Light Therapy: How light is working to change our mood
The future as imagined in early science fiction was a world of flying cars designed to combat the benign reality of traffic, while an animated robot boiled the perfect egg. As technology sheds the kitsch associations of narrative futurism to confront the concerns of contemporary life, researchers report a desire for the integration of technology into solutions for wellbeing. Because Europeans purportedly spend up to 90 per cent of their lives indoors, new forms of regenerative light are being applauded for their beneficial effects on the body. Emerging from research on circadian rhythms are dynamic light installations for domestic, commercial and work spaces that target the body at a cellular level. Innovations include those that use the mood-altering, productivity-inducing power of the sun and that incorporate our biological responses to various types of light.
Linea Light’s Reflexio emits a diffused, glare-free glow that has a calming effect on its surroundings. The LED light source is tucked within a dome reflector that produces an even, velvety level of luminosity.
Mood – a series of luminaires by Ricard Vila for Fluvia – blurs the line between architecture and light. The circular elements are available in several sizes, in three metal finishes and in four fluorescent colours. Options include a choice of warm or cool light.
In developing a product that meets the needs of everything from fashion boutiques to workspaces, Zumtobel Group used our bodily responses to natural light as a basis for the design of Active Light, whose smart systems permit the colour temperature of natural and artificial light to be controlled throughout the day.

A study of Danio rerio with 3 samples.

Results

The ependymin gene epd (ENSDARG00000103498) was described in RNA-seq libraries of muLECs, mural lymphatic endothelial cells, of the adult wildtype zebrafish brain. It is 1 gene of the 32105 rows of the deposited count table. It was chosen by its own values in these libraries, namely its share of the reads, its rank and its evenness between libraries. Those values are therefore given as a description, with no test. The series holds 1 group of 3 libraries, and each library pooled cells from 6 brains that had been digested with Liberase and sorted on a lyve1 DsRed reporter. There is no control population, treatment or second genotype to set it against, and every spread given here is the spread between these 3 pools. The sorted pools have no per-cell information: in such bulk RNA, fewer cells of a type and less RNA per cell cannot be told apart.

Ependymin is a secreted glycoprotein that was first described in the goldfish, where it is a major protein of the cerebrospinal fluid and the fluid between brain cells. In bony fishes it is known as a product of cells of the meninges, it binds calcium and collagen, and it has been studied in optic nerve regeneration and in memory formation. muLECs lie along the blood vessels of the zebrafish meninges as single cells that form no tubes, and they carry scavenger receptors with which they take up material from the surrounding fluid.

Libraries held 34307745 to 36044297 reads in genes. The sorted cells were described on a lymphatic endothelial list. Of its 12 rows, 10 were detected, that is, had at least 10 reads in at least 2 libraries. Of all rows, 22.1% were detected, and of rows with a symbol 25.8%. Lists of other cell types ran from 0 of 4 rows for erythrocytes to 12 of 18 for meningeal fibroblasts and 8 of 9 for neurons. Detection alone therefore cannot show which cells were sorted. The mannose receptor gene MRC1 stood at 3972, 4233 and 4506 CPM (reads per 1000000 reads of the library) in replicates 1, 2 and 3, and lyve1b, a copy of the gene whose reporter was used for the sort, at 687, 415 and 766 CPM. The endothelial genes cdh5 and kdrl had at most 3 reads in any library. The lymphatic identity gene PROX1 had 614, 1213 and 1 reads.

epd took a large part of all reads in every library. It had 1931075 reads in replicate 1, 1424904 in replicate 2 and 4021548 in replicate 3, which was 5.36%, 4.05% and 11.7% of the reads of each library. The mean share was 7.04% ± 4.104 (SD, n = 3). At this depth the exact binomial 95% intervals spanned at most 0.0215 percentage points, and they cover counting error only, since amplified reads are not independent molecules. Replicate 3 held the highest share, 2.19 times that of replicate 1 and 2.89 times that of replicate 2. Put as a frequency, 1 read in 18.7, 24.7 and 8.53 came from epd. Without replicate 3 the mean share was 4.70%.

In the courtyard of Università Statale during Milan Design Week, two ‘cells’ introduced visitors to various concepts of healthcare for the future. Designed by architect Filippo Taidelli of FTA Studio and curated by Interni, the transparent units featured predictions of ‘virtual healthcare’ that will be supplemented by artificially generated sunlight.
The Light Therapy Bar by Studio David Thulstrup is the conceptualization of a space for regeneration. Shown at the Frost Festival in Copenhagen, the installation provided a tangible manifestation of the body’s need for light, especially during long Scandinavian winters. With a combination of furry pink fabric and Dibond mirrors from Pyrasied, the space reflected the restorative potential of light.
In collaboration with Spazio Krizia, design-duo Raw Edges created a large lighting installation inspired by and named after the Horah, a traditional Israeli folk dance. The installation – a landscape of 30 glass lamps whose ‘leaves’ were engineered by Wonderglass – appeared as a kinetic meditation enhanced by repetitive patterns of light and shadow.